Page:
Monday, June 23, 2008
The web of destiny carries your blood and soul back to the genesis of my lifeform.
The following is my contribution to this month's Film Club at Final Girl.
A friend of mine summed up the basic appearance of Lifeforce when he fondly recalled Mathilda May's performance as a naked space vampire as the source of one of his first erections. The first time I saw Lifeforce, around six or seven years old, I was too young to be anything but confused by the camera's constant focus on May's breasts. I knew what sex was, and had a vague idea that adults enjoyed it, but its appeal as anything except a reproductive act was beyond me. Watching Lifeforce at two in the morning on cable (I was an elementary school insomniac), I was vaguely aware that I was seeing something I shouldn't, but I couldn't understand why the movie was more about doing it than space or vampires. The tension between my friend's and my own reactions suggests that Lifeforce, with its uneasy combination of kid-friendly special effects and monsters and near-constant nudity, as a horror movie for adolescent boys faced with the growing suspicion that their penises are about to get them into trouble. As a horror movie, Lifeforce can't compete with the wealth of genre classics (including Day of the Dead, Re-Animator, Return of the Living Dead and Fright Night) that opened in 1985. But as porn for Fangoria-reading 13-year-olds, it's pretty great.
Adapted from Colin Wilson's novel Space Vampires, the film opens with a space shuttle mission investigating Halley's comet and discovering an alien spacecraft in the comet's cone. Members of the shuttle's crew, including Col. Tom Carlson (Steve Railsback), are sent in to investigate the craft; its interiors are unmistakably vaginal, so, naturally, the astronauts discover ominous caverns, giant bats and, most curiously, three human-looking aliens in a state of hibernation. By the time the shuttle returns to earth, everyone onboard has died except for Carlson and the humanoids, who use their physical perfection and powers of mind control to seduce humans and drain them of their life force. The aliens turn everyone in their wake into zombies who must either consume the energy of others or suffer a sudden, explosive death. On a pure entertainment level, it's a great concept, allowing for lots of exploding bodies, fantastic optical effects and random kinkiness. But screenwriters Dan O'Bannon and Don Jakoby also cannily exploit the story's subtext; it's fun to watch May use her sex appeal to destroy astronauts, scientists, soldiers and other boyish archetypes, and I'd be surprised if they weren't intentionally playing to their young male audience's anxieities (O'Bannon, after all, wrote for Heavy Metal). One of the funniest moments in Lifeforce is when Col. Crane (Peter Firth) is asked if his encounter with the space girl was sexual in nature and he responds, fearfully, "Yes - overwhelmingly so."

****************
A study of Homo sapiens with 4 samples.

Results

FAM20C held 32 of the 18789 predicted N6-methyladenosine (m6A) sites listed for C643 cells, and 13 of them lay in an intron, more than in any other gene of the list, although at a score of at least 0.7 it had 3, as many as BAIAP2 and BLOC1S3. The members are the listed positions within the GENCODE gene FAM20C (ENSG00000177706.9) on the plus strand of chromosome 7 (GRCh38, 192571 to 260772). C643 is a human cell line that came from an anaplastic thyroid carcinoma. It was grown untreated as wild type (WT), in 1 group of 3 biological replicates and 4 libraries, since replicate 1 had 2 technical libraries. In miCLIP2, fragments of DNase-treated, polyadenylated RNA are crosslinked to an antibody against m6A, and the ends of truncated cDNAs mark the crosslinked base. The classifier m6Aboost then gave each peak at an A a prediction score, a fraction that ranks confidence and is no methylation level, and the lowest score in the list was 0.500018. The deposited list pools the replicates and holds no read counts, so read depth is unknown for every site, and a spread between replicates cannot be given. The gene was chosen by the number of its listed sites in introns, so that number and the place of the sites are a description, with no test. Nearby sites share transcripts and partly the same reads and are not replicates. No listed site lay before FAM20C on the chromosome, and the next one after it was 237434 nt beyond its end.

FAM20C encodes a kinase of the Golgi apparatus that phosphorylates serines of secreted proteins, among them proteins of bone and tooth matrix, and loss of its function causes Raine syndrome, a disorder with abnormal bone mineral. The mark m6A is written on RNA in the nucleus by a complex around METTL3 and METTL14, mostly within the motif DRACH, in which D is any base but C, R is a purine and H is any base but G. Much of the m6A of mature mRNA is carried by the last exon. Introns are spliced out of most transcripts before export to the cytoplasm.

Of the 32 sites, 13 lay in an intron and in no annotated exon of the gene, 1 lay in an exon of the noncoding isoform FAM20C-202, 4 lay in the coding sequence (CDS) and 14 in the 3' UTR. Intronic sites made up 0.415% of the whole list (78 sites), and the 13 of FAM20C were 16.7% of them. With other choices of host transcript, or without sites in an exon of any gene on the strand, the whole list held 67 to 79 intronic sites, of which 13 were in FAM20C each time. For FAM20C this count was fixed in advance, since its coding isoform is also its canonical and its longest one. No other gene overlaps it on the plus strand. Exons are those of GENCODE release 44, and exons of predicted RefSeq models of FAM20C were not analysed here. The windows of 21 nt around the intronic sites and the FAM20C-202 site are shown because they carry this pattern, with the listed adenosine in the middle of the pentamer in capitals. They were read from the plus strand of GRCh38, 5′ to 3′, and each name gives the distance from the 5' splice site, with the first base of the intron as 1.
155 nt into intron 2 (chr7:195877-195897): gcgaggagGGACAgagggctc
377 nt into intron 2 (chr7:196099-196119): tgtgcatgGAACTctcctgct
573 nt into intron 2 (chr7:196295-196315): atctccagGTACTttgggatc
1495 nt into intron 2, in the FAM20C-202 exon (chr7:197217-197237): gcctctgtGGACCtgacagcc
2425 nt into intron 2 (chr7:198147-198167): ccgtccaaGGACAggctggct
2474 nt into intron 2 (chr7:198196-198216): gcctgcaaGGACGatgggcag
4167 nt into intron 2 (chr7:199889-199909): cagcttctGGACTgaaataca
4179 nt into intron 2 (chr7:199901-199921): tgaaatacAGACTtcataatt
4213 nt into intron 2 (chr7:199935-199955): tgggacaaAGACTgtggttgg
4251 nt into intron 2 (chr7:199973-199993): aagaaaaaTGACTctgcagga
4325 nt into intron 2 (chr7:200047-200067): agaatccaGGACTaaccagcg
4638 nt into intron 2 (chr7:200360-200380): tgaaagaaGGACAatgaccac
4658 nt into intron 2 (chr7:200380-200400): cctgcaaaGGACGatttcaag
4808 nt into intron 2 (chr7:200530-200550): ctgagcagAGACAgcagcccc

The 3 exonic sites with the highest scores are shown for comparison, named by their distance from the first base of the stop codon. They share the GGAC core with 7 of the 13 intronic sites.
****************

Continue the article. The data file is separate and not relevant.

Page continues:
Unfortunately, Lifeforce never finds the right tongue-in-cheek tone that O'Bannon or his Dark Star collaborator John Carpenter might have brought to the film. Tobe Hooper's direction is aimless and, by the film's apocalyptic end, chaotic - the movie's style is far too heavyhanded to work on the B-movie level that a movie originally titled Space Vampires demands to be taken at. If Hooper is to be believed, the pressure of his producers at Cannon Films is to be blamed, as they saw Lifeforce as a chance to break out with an effects-packed summer tentpole. And while the film looks marvellous (courtesy of Star Wars' John Dykstra), the scale of it is oppressive; it's bloated and overlong, and too preoccupied with its fireworks to remember why its funny. As kitsch Lifeforce is a blast, but it could have been a classic had everyone involved remembered to breathe. In Hooper's defense, he did achieve a darkly comic sensibility the next year with Invaders From Mars and The Texas Chainsaw Massacre 2 that would have worked perfectly here; sadly, after all three films flopped, he was prematurely sent to direct-to-video hell.
It's a shame, because even though Lifeforce doesn't really work, it's stranger and more interesting than 90% of the big-budget attempts at riding the coattails of Star Wars and Alien. Where else are you going to see Patrick Stewart kiss Steve Railsback, or Mr. Deltoid from A Clockwork Orange explode? Lifeforce is what friend and Samurai Dreams contributor James fondly refers to as a "buds 'n' suds movie," one best enjoyed with a few beers and friends sharp enough to laugh at the movie's fear of teen horniness. When Lifeforce reaches its totally 80's (i.e., coked-out), seizure-inducing wet dream of an ending, it triumphs as an affirmation of the cosmic-scale creative and destructive force of the boner. I don't really have a way to wrap this up; I just hope that last sentence ends up on a DVD case.